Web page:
Aid worker speaks of "general sense of desperation and hunger all around”.
Silent and subdued, Um Qassem stands in a long queue in the Syrian city of Deir al-Zor waiting to receive a package of food aid.
Um Qassem, who once stood strong and proud, who was steadfast and tearless even when she buried her son, is now broken and humiliated. All her hopes are invested on a cardboard box stamped with the logo of the Bureau of Alms of Islamic State.
The food packages are the first to be delivered under an aid initiative by Islamic State (IS).
Like many other people here, Um Qassem is suffering fresh indignities that only add to the problems created since November, when IS decided to shut down aid organisations and end their relief work in the area of Deir al-Zor it controls.
Asked why she thought IS had done this, Um Qassem had a simple answer.
“Islamic State wants to keep us hungry,” she said. “It wants to break us by depriving us of our daily bread so that we don’t even think of rebelling. It’s exactly the same tactic used by the Assad regime.”
However, her neighbour Ahmad Yunus, a grocer from the same part of town, disagrees.
“Islamic State is doing its utmost to secure our basic needs,” he said. “But it doesn’t want to receive help from foreign donors, from unbelievers who have their own private agendas.”
About 40,000 people live in the IS-controlled sector of Deir al-Zor, according to a rough count carried out in June 2014 by the local council’s planning office.
Until IS seized control in mid-July, relief organisations in the city shared out responsibility for the different neighbourhoods. Each was assigned a specific area where it provided the basic essentials. Active organisations included Rawafid, Nimaa, Ihsan, Deir al-Zor Coordinators, Bunyan, Deirna, and the Sons of the Great Euphrates.
They competed to provide better services, and this helped their activities expand from distributing relief packages and cash subsidies into service and development projects like opening schools, refurbishing drinking wells, cleaning up the streets and supporting immunisation campaigns.
Abu Thurr, a senior official with a relief organisation, explained how everything changed when IS entered the city.
“The relief landscape was turned upside down when the Caliphate’s militants took over,” he said. “They created their so-called Bureau of Alms, which became the body responsible for coordinating all relief in the city. The ‘Emir of Alms’ gathered all the representatives of relief organisations for a meeting at the beginning of August 2014.”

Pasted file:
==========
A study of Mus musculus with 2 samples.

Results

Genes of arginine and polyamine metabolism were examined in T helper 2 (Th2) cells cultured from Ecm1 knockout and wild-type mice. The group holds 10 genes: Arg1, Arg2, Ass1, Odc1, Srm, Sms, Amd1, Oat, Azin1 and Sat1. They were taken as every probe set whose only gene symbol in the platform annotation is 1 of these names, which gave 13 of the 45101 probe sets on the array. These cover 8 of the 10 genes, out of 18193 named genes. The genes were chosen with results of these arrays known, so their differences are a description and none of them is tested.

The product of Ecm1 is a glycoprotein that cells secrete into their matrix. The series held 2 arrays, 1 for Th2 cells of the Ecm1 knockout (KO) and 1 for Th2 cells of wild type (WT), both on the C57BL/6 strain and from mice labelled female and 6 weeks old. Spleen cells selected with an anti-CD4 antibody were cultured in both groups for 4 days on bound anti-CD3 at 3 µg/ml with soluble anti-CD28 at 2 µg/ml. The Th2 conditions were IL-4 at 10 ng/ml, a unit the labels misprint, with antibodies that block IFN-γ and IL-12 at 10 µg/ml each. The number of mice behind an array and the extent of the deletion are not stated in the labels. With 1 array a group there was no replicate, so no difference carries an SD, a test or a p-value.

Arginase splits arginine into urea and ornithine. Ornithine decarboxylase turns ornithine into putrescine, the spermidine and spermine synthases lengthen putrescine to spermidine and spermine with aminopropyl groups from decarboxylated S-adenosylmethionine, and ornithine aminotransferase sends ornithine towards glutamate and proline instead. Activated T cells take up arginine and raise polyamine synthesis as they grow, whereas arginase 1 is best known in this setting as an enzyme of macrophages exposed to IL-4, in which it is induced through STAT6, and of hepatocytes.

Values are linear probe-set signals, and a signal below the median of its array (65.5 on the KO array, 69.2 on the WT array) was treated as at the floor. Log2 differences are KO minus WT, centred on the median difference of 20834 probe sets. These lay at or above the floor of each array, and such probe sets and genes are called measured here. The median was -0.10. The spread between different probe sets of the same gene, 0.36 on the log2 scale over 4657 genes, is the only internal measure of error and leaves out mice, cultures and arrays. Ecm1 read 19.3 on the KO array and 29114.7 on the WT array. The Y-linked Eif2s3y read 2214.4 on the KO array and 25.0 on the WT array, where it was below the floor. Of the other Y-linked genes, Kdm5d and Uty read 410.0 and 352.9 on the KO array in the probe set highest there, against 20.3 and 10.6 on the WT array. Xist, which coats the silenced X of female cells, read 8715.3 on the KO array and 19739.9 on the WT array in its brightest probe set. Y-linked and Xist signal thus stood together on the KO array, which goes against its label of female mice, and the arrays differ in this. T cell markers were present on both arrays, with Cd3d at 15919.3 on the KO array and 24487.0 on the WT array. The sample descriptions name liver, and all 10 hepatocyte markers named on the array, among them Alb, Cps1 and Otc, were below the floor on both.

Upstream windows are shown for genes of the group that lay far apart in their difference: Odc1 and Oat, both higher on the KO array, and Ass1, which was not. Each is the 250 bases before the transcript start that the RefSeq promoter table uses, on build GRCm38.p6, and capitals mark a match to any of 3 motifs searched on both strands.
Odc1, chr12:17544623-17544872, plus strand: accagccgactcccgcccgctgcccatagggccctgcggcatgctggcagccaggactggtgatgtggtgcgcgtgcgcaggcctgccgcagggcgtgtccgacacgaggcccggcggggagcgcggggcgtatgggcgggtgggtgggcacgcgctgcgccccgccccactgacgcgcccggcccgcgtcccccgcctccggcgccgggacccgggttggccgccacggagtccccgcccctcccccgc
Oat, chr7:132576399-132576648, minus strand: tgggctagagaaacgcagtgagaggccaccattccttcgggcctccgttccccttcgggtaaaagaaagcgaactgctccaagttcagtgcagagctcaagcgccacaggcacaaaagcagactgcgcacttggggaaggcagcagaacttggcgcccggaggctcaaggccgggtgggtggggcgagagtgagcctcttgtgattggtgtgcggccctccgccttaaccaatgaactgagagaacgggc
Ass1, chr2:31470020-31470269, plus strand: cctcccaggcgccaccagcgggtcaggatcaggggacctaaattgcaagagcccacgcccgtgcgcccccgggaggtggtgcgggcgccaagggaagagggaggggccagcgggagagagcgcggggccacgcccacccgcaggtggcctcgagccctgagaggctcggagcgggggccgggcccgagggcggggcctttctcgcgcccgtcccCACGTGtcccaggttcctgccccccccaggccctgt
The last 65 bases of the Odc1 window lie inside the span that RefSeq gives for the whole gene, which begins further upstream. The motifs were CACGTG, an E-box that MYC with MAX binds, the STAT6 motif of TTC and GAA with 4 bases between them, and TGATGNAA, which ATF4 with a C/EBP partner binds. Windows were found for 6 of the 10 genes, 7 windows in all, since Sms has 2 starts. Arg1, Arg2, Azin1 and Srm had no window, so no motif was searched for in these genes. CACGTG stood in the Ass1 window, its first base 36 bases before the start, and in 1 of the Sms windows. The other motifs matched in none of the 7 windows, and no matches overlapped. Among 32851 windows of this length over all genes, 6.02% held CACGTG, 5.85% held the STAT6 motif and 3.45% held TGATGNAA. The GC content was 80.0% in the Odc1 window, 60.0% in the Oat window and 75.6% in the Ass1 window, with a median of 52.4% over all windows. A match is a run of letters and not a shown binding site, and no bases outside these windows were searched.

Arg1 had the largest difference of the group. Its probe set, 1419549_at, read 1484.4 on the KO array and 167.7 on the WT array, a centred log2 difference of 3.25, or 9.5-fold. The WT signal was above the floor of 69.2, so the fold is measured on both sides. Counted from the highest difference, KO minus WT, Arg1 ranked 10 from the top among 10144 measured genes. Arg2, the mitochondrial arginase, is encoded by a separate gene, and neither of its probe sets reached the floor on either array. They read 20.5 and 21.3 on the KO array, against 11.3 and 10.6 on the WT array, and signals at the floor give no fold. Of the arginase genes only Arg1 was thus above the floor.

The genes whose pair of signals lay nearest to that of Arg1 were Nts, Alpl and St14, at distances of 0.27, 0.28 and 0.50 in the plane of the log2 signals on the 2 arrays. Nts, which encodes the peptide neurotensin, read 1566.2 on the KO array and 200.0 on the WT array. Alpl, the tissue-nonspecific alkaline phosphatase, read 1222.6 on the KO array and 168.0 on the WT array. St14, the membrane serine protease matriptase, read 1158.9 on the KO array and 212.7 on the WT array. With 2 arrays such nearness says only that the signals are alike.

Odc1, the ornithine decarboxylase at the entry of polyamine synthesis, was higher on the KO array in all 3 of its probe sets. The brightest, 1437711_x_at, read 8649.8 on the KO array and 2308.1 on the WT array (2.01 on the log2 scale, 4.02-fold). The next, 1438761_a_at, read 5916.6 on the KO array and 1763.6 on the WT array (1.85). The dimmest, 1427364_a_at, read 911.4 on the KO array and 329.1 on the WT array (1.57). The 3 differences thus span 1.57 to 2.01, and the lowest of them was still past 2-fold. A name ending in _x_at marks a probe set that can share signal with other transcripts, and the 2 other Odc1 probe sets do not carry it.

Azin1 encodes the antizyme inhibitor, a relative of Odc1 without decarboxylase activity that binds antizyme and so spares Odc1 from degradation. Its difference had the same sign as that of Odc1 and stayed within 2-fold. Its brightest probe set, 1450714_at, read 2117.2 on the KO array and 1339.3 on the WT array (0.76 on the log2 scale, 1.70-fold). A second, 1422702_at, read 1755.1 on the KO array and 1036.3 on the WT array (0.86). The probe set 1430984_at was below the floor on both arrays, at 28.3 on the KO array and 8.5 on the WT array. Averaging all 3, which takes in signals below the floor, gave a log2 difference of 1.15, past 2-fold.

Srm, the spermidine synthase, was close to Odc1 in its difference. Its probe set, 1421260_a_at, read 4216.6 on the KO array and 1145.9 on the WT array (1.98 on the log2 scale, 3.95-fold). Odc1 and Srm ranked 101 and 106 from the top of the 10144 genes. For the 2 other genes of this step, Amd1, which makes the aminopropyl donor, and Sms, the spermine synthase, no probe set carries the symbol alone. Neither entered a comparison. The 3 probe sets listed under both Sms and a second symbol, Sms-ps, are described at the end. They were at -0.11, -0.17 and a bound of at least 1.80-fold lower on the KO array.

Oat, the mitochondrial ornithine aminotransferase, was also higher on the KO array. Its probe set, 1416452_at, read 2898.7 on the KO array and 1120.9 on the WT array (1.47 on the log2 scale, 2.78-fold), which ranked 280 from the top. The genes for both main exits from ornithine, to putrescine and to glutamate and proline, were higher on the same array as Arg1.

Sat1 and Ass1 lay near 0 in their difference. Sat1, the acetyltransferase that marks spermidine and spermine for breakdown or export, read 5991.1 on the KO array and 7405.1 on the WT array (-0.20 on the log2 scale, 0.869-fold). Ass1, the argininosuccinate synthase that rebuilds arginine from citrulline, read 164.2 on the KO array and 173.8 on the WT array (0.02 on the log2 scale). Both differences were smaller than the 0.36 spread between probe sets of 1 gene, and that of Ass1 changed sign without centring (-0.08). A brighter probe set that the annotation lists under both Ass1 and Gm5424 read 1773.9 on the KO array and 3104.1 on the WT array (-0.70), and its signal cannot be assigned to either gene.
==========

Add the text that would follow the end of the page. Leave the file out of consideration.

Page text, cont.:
Ahmad, who works for another aid organisation and took part in that meeting, continued the story, “The aim was to inform us of Islamic State’s terms and conditions under which relief organisations could continue operating. This included getting written authorisation from the Alms Bureau, submitting full financial reports, and each organisation pledging half of its administrative overheads and revenues to the Alms Bureau.”
These strict conditions meant that most organisations could not carry on working. That in turn led to a general deterioration in the city’s aid services, and the few remaining organisations struggled to fill the void.
“We had to increase our efforts to pick up the slack and reduce what we were putting in each relief package in order to provide more packages and deliver them to the largest possible number of families,” Abu Thurr said. “We also had to halt a lot of our development services and use those budgets to support basic relief operations.”
IS’s stringent rules made it much more difficult for aid organisations to operate, making life harder for local residents.
The official IS view is completely different.
“The aid offered by foreign organisations seeks to sow division among us, because money corrupts the soul,” Abu Aziz, the emir (commander) in Deir al-Zor, said. “It is people’s duty to bear their miserable conditions for the greater goal of establishing the Islamic State.”
Another key reason why relief assistance has deteriorated in Deir al-Zor is that aid coordinators are reluctant to enter IS-controlled areas and work there. Mazen, a doctor and the executive director of an aid groups whose funding was cut, explained why.
“Most donor organisations have intermediaries who are dispatched to coordinate between the donors and those who work on the ground,” he said. “As such, the decision to carry on is out of our hands, because there is a great fear of prosecution on charges of terrorism. That makes it impossible to continue working in areas controlled by IS.”
Some organisations like Medical Relief for Syria and Syria Relief have managed to continue operating in IS-held areas.
But the United Nations Security Council’s decision to shut off all financial support to IS – although it continues to allow humanitarian aid – combined with the militants’s shutdown of relief organisations, has made it all but impossible for the few remaining agencies to continue.
“Our very lives are at risk,” Abu Thurr said. “We work like secret societies who know nothing about one another, dividing up our work around the clock so that no one around us notices of any increased activity. We don’t use any electronic devices for our work so as not to attract anyone’s attention.
“There are those who are desperate to deliver aid to us, those who are desperate to receive that aid, and a general sense of desperation and hunger all around.”
This story was produced by the Damascus Bureau, IWPR’s news platform for Syrian journalists.